Wall Street Journal Tax Report: Charity Accounts Become the Hot Holiday Must-Have: Rising Markets and Fears About Possible Tax Overhaul Fuel the Rush, by Laura Saunders:
American taxpayers are pouring money into charitable-giving accounts before year-end, prompted by rising markets and fears that a tax overhaul could trim the popular strategy of donation deductions.
At Schwab Charitable, the giving-fund associated with Charles Schwab Corp., donors put more than $693 million into new and existing giving accounts between Thanksgiving and Dec. 18, a 20% increase over the same period in 2015. Spokespeople for Vanguard Charitable, Fidelity Charitable, and National Philanthropic Trust said donations to their giving funds have recently jumped by double- or triple-digit percentages compared with last year, although they declined to provide dollar amounts.
The biggest drivers lately are proposals by President-elect Donald Trump and Republicans in Congress to limit the value of charitable deductions, either by lowering tax rates or cutting the deductible amount. In addition, markets rose to highs recently, and there are tax benefits for donating appreciated assets rather than cash.
There’s still time for donors to open or add to giving funds for 2016.
This year’s rush further boosts the impressive growth of individual giving accounts, which have become an alternative to private foundations for the wealthy and a favored vehicle for the affluent.
During the five years ended in 2015, annual contributions to such funds more than doubled, to $22.4 billion from $10.4 billion. Total assets more than doubled as well, to $78.6 billion from $38.2 billion, according to the latest data compiled by the National Philanthropic Trust. ...
These funds’ popularity stems from their flexibility and tax advantages, which allow donors to contribute assets and deduct the gift right away while designating charitable recipients much later. Meanwhile, the account assets can be invested and grow tax-free. ... Fidelity and Schwab have minimum initial contributions of $5,000 and allow minimum grants of $50, while at Vanguard the minimums are $25,000 and $500, respectively.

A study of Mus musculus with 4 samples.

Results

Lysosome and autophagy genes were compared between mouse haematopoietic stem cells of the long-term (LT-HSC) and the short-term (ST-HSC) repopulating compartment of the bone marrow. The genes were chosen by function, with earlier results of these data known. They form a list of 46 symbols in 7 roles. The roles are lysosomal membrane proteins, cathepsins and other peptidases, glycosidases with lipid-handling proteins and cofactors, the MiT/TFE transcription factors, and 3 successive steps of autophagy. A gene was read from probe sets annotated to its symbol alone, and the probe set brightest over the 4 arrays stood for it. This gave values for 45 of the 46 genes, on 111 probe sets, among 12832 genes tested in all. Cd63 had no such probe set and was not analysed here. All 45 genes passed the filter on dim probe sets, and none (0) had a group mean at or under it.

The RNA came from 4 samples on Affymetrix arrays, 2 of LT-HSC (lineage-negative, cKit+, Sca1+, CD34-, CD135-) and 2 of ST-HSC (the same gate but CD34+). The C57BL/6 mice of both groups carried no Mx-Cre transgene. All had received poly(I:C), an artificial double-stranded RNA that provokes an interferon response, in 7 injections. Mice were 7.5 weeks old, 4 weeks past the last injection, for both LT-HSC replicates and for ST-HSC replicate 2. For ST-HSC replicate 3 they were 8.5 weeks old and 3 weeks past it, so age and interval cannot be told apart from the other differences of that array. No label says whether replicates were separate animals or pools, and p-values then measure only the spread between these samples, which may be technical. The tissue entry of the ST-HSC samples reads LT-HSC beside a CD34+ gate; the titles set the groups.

Wall Street Journal op-ed: Giving Back Isn’t Only for Billionaires: Many Americans Set Up Donor-Advised Funds to Make a Difference Without the Bureaucratic Hassles, by James Piereson (President, William E. Simon Foundation) & Naomi Schaffer Riley (Senior Fellow, Independent Women’s Forum):
The number of [Donor-Advised Funds] in the U.S. grew to 238,293 in 2014, up from 184,364 in 2010, according to a November report from the Manhattan Institute [The Promise—And a Problem—of Donor-Advised Funds for Charity]. During the same period, charitable assets in DAFs grew to $70.7 billion from $33.6 billion. ...
The Chronicle of Philanthropy announced in October that Fidelity Charitable, the biggest sponsor of donor-advised funds, had topped its list of the 400 largest charities. Not everyone was thrilled. Boston College law professor Ray Madoff wrote in the same publication that “DAFs undermine fundamental principles of what it means to give.” She criticized the funds because they do not require a minimum amount to be paid out each year and they have less rigorous reporting requirements than private foundations.
But these funds aren’t becoming so popular because their donors are greedily trying to keep their money and avoid taxes. It’s more simple: Donor-advised funds have made giving much easier, particularly for those with modest resources. ...
As American philanthropy has grown, so has the bureaucracy that sustains it. Foundation budgets have ballooned to $55 billion in 2013, up from $30 billion in 2003, according to the Foundation Center. Also growing are the regulations that govern these foundations and the staffs that support them. The Sarbanes-Oxley Act of 2002 requires foundations to complete paperwork regarding whistleblower protection and conflicts of interest. Trustees are often urged by auditors and the IRS to set up compensation and audit committees to set staff salaries and monitor the finances of their organizations. Many wealthy Americans now feel it is too burdensome and expensive to start a charity.
Donor-advised funds allow donors of all levels—the minimum amount required to start a fund with Fidelity is $5,000—to put away money for charitable causes without having to worry about exactly how much is being granted each year. These contributors disburse money at a higher rate than private foundations—21.9% of assets, compared with 5.8% for private foundations in 2013-14, according to the Manhattan Institute report.